Here’s how things have unfolded:
We visited Tokyo and Kyoto in June of 2010 and fell deeply in love with Japan and its people.
In November of 2010 we were hired to work at an international school in Yokohama. DP and I were absolutely ecstatic.
On 11 March 2011, Japan suffered an unprecedented earthquake and tsunami that triggered the beginnings of a nuclear crisis.
Shortly after the earthquake, we received word that our friends in Yokohama were safe! They stayed in touch via Facebook and shared lovely stories about how people had worked together to keep everyone safe and calm during the earthquake. (God bless Facebook!)
Over the next few days, I watched far too much CNN coverage and felt increasingly paralyzed by the terrible images of devastation and loss of life. When Anderson Cooper showed up in Japan, we finally turned the television off. A sensationalist approach to the reporting of these tragedies helps no one.
A friend living in Japan recommended that we follow @TimeOutTokyo on Twitter for a more balanced account of life as it is currently unfolding in the Tokyo/Yokohama area.
We sought out more information about the nuclear crisis and find that not everyone is predicting the end of the world. Read more here.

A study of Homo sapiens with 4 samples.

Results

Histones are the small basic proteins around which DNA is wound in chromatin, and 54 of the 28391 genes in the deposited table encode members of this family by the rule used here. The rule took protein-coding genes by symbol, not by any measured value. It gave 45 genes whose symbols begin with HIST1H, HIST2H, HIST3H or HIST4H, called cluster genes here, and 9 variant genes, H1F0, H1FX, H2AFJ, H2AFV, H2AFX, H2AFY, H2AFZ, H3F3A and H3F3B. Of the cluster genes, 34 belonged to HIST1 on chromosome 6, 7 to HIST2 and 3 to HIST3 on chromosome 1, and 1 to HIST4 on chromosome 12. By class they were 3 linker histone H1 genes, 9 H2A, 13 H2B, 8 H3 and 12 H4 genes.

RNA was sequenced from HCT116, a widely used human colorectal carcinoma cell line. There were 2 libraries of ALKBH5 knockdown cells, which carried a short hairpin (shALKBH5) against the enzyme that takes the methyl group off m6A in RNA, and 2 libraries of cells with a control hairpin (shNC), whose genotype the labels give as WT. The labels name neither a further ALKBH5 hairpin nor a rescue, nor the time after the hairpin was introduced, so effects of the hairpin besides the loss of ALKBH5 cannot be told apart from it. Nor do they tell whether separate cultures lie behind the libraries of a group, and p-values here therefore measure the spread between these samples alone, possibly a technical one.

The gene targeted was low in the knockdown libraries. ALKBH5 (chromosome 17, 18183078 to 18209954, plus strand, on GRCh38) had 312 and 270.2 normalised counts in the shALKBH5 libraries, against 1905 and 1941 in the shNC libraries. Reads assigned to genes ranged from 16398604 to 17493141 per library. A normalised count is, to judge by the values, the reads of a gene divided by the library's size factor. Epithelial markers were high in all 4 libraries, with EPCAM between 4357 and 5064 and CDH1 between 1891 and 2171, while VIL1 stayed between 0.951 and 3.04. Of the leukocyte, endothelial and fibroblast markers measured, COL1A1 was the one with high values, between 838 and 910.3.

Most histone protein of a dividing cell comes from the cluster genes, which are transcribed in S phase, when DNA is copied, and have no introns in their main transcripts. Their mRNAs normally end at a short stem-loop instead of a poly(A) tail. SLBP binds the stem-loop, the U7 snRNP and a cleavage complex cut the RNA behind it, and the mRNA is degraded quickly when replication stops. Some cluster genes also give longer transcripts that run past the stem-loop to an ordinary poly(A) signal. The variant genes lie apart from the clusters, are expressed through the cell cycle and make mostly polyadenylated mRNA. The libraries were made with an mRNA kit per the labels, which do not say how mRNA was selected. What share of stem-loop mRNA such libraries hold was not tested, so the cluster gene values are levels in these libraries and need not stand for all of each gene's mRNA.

Friends and family expressed concern about our move to Japan and our visit in April. (Thank you for your kind messages… we know that you love us.)
We assured others that it’s okay to feel whatever you feel in response to the events unfolding in Japan. Fear, loss, empathy, anxiety, confusion and anger.
But we’re still going!
The people of Japan are graceful, gracious and resilient. They are profoundly committed to the communities to which they belong. I’d like to learn how to be more like them.
When we move to Japan in four months, we hope to help in some small way. Moving and working there… spending a portion of our salary on groceries and travel in Japan will help.
The students at our school in Bangkok helped by working together to make thousands of paper cranes; they also donated money to the Japanese Red Cross.
Ultimately I believe that optimism helps. Having hope helps. Caring and praying and tweeting and blogging and sending your thoughts and best wishes to the people of Japan helps them know that they are not alone.